31 August 2018 12:10 am - 0     - {{hitsCtrl.values.hits}}

  • But success of inflation targeting largely depends on fiscal discipline and sticking to a budget consolidation path 
  • However, critics say Central Bank is on a suicidal mission as under inflation targeting, it becomes a victim of govt. financial profligacy 

 

The Central Bank remains hopeful that it can migrate to flexible inflation targeting in the first quarter of next year— one year before it was originally planned. 


Flexible inflation targeting is where the interest rates are determined aiming a set inflation target instead of targeting reserve money or broad money in the economy. 


For instance, the United States Federal Reserve has set its consumer price inflation target at 2.0 percent for at least for five years before it raised its interest rates. 


Under inflation targeting, a Central Bank walks on a tight rope where it should set its key policy rates to a level, which will neither overheat the economy nor undermine its growth. 


“We feel that we are on track to have a fully-fledged flexible inflation targeting regime by the end of the first quarter of next year,” said Governor Dr. Indrajit Coomaraswamy. 


Under flexible inflation targeting, the Monetary Board is able to execute a more proactive and forward looking monetary policy, Dr. Coomaraswamy said. 


However, the critics of the new system said the Central Bank is on a suicidal mission by adopting inflation targeting as it becomes an easy scapegoat for the financial profligacy of the government. 


The success of inflation targeting largely depends on fiscal discipline and sticking to a budget consolidation path without any deviation. 


In an earlier occasion the Central Bank said that they would migrate to flexible inflation targeting only if the government succeeded in containing the budget deficit to 3.5 percent of GDP by 2020 and maintained it below that level thereafter.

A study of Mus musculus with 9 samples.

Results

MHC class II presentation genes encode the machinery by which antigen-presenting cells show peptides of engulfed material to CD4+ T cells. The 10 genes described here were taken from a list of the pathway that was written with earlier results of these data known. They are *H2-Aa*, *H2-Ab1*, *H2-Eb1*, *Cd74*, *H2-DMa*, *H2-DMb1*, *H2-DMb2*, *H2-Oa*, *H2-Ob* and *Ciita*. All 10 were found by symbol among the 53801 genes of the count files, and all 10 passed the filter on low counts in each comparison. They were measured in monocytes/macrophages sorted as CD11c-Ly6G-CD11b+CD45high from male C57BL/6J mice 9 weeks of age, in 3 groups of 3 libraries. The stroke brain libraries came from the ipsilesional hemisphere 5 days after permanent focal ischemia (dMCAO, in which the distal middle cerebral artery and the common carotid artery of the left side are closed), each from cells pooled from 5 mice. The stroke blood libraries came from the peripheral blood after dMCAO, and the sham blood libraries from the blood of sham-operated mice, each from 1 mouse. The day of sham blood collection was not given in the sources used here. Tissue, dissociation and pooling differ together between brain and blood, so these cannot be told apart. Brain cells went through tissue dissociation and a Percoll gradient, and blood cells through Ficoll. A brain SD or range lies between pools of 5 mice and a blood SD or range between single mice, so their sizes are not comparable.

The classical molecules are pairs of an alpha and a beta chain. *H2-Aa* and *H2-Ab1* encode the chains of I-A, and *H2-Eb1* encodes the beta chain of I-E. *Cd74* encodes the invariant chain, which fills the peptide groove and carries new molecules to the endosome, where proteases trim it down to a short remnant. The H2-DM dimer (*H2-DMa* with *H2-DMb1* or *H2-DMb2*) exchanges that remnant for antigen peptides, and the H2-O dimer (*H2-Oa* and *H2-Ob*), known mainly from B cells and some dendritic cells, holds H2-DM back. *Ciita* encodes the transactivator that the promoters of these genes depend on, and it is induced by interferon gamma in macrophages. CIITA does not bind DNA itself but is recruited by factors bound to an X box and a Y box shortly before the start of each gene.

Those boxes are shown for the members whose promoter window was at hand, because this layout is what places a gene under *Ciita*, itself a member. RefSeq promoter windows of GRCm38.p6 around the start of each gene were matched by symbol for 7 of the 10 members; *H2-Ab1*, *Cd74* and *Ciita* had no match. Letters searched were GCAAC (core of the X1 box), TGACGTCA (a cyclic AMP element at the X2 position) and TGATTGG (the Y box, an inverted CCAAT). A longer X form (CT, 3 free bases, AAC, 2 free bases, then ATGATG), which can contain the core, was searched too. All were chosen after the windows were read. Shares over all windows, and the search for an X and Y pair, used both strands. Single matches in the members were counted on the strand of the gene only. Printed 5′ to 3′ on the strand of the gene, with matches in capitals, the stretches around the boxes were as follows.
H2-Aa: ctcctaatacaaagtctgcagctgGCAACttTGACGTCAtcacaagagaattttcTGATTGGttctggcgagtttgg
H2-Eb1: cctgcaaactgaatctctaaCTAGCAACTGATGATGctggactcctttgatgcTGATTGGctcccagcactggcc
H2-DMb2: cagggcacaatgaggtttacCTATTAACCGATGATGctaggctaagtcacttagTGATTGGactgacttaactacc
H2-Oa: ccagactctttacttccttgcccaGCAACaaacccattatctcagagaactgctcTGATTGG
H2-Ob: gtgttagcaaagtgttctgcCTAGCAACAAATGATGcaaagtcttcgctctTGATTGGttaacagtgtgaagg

Sri Lanka’s budget deficit has overshot its target for decades and it was 5.5 percent of GDP in 2017 while the headline national inflation in July reached 3.4 percent on a year-on-year basis. 


In order to achieve the intended objectives of the flexible inflation targeting, the Monetary Law Act is being amended to help the Central Bank to anchor inflation expectations and present fiscal dominance over the monetary policy.  

 

Further, the Central Bank is also trying to amend the Fiscal Management (Responsibility) Act 2003 to cease deficit financing by the Central Bank as it has been the habit for decades. 


“We will be putting in place a legal framework to not possible to have fiscal forbearance,” Dr. Coomaraswamy added. 


At a time when the country is exposed to international capital markets, Dr. Coomaraswamy said that this type of legal framework is necessary to showcase the country has stability and macroeconomic fundamentals in place. 


However, he noted that much of the success would depend on the political will. “Of course all these things need political blessings,” he said.